Why marketing to your male clients is a whole different ball game.
According to a 2013 study carried out by neuroscientists at the University of California, men’s brains might be eight percent larger than women’s on average but they are less efficient and are outperformed by women’s brains when performing complex or multifaceted tasks that require big picture thinking and a higher level of ‘emotional intelligence’.
The female brain, though smaller, is both task and process focused, which means that female shoppers seek out an experience rich with sensorial pleasures and new discoveries on the way to purchasing what they need. On entering your salon, the female client is aware of the beautiful music playing, the scented candle burning, the jewel-toned, plush velvet sofa in the waiting area.
In contrast, the male brain is primarily task-focused, and thrives on logic, spatial awareness and coordination. When it comes to shopping, this gives them a ‘get in and get out’ mindset, which needs a plan and has a tangible task that can be achieved with ruthless efficiency. Think of the set-up of male-targeted shops such as Bunnings Warehouse; minimal attention paid to decoration and sensory indulgences such as smell, sound and texture, and an easy to follow grid-layout that gets them to their purchase with minimal interruption. Contrast that with the cosmetics hall of your local department store; a labyrinth of colour, texture, smell, new samples and temptation.
It is a waste to time to try and change the way your male clients shop; they don’t need educating or inspiring to slow down and enjoy the shopping process like females do, they need quick and simple solutions to complete their grooming tasks. So, what are those tasks?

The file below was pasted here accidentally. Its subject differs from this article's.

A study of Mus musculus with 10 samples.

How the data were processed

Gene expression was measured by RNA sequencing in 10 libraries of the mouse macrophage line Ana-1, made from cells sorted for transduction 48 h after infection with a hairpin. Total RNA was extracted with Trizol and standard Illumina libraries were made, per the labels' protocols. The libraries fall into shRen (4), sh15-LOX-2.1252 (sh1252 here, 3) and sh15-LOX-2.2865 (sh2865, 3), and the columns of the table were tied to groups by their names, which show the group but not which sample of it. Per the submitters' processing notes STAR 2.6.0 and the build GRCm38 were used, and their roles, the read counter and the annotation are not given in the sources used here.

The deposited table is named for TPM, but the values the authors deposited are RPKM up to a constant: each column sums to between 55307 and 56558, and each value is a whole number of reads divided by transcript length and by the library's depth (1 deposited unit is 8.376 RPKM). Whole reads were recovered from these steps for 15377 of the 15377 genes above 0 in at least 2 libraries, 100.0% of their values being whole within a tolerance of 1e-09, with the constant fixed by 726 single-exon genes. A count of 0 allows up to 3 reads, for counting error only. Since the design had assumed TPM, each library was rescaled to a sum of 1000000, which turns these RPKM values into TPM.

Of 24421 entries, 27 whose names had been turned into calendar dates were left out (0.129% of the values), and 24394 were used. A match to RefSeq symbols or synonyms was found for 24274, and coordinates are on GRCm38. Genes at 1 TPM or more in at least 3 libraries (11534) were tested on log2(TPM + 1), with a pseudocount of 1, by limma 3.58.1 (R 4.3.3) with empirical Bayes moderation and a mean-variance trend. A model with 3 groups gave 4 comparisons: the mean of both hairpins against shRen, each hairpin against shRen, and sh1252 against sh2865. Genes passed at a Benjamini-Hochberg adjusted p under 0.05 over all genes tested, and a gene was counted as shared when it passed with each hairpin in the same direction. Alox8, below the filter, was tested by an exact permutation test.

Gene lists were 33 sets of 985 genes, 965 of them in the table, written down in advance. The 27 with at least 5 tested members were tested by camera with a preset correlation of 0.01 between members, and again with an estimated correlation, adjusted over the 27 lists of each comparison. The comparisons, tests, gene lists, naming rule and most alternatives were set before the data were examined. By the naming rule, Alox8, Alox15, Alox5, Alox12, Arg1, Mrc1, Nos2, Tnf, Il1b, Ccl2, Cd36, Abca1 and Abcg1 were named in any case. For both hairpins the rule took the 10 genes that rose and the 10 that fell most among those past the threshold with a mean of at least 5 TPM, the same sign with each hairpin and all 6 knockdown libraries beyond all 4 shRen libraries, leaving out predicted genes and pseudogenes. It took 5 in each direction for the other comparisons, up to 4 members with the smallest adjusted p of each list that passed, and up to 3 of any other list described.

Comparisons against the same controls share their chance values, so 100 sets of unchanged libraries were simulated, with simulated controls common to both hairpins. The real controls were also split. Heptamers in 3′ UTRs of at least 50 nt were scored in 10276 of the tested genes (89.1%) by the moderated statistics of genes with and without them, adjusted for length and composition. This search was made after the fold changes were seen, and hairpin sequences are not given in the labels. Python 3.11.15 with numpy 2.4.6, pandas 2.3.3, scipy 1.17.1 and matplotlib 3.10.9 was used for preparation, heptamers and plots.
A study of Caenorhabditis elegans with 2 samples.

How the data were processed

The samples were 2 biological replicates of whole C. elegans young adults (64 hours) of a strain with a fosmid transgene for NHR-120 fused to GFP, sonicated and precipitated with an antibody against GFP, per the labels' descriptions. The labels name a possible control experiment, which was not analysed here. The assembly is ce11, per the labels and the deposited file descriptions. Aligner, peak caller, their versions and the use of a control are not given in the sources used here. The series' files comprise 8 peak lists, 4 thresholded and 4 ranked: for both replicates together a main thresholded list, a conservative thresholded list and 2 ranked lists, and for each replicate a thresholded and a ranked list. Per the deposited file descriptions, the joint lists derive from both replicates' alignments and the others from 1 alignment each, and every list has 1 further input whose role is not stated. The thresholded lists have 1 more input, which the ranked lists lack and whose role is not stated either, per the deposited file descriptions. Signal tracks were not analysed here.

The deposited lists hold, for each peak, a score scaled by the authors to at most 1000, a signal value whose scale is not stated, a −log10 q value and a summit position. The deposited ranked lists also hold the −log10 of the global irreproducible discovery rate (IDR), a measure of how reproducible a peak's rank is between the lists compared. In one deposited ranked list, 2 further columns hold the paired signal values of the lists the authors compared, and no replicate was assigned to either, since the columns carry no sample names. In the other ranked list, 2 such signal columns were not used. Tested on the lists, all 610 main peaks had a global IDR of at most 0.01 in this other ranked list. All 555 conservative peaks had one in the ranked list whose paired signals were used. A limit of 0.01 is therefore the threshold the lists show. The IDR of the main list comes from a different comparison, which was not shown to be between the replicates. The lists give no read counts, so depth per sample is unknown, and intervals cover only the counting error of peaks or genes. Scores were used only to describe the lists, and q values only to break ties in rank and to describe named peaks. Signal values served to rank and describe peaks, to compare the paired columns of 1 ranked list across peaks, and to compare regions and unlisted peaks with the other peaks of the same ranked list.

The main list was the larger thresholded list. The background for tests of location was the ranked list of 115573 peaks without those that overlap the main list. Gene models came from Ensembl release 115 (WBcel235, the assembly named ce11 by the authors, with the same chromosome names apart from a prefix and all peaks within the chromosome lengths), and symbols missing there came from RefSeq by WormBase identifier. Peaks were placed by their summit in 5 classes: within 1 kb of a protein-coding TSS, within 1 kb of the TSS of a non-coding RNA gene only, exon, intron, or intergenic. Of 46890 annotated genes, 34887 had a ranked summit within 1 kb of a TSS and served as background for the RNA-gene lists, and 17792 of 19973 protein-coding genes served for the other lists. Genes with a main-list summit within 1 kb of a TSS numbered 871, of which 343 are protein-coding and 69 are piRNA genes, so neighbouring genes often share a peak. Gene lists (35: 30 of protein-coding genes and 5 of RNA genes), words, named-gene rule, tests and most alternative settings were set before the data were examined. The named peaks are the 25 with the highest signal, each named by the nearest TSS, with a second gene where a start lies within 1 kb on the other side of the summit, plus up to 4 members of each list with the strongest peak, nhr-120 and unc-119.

Euromonitor reported in 2014 that New Zealand males are increasingly customed to purchasing products specific to their gender, such as hair care products, body wash, deodorants and skin care products. Successful grooming brands have targeted specific needs such as stronger formulations for stress, fatigued and tired bodies and skin, stronger products to combat body odour and perspiration. Anti-ageing skin care products in particular are gaining popularity as the baby-boomer male generation competes with younger males in the corporate work environment.
NPD group’s Karen Grant says, “Men have become increasingly conscious of the perks associated with looking good and they have a heightened awareness that looking good may provide them with an advantage in the workplace, as well as their personal lives.”
Research firm Affinova reported in 2014 that men are more likely to see the value in facial skin care products specifically targeted to anti-ageing. Interestingly, anti-ageing products were even more popular in the 25-34 year age group than the 35 year plus age group, suggesting that men are looking for preventative solutions. The other key findings of the Affinova study were the importance of masculine packaging and male-targeted products, and that men use skin care to ‘feel and be healthy’ above any other reason.
Global market researcher Canadean reported a steady increase in the sales of male toiletries, driven by the rise of the ‘Millennial’ generation who are 25 years and older. Men of this age group seek innovation in their products and are driven by an emerging aspiration for grooming and styling. They are also keen for higher quality products that give value for money. According to the report, time-pressed, working males want innovative products that provide multiple benefits and are happy to pay a premium to get them.
Deanna Utroske of Cosmetics-Design Europe believes that the underlying trend worldwide in men’s grooming and skin care is a desire for wellness. “Consumers are looking to achieve a clean, fresh look with simple, healthy and effective personal care products.”
Consider these pointers if setting up a men’s section of your retail area, or writing the male-targeted section of your treatment menu or creating a men’s promotion.
1. Identify a problem or task ie: stress, hair removal, anti-ageing.
2. Explain the solution in clear, efficient language.
3. Allow them to purchase the solution with minimal interruption or fuss.
Note: beautiful packaging, luxurious textures and gorgeous smells are bonuses, not selling points.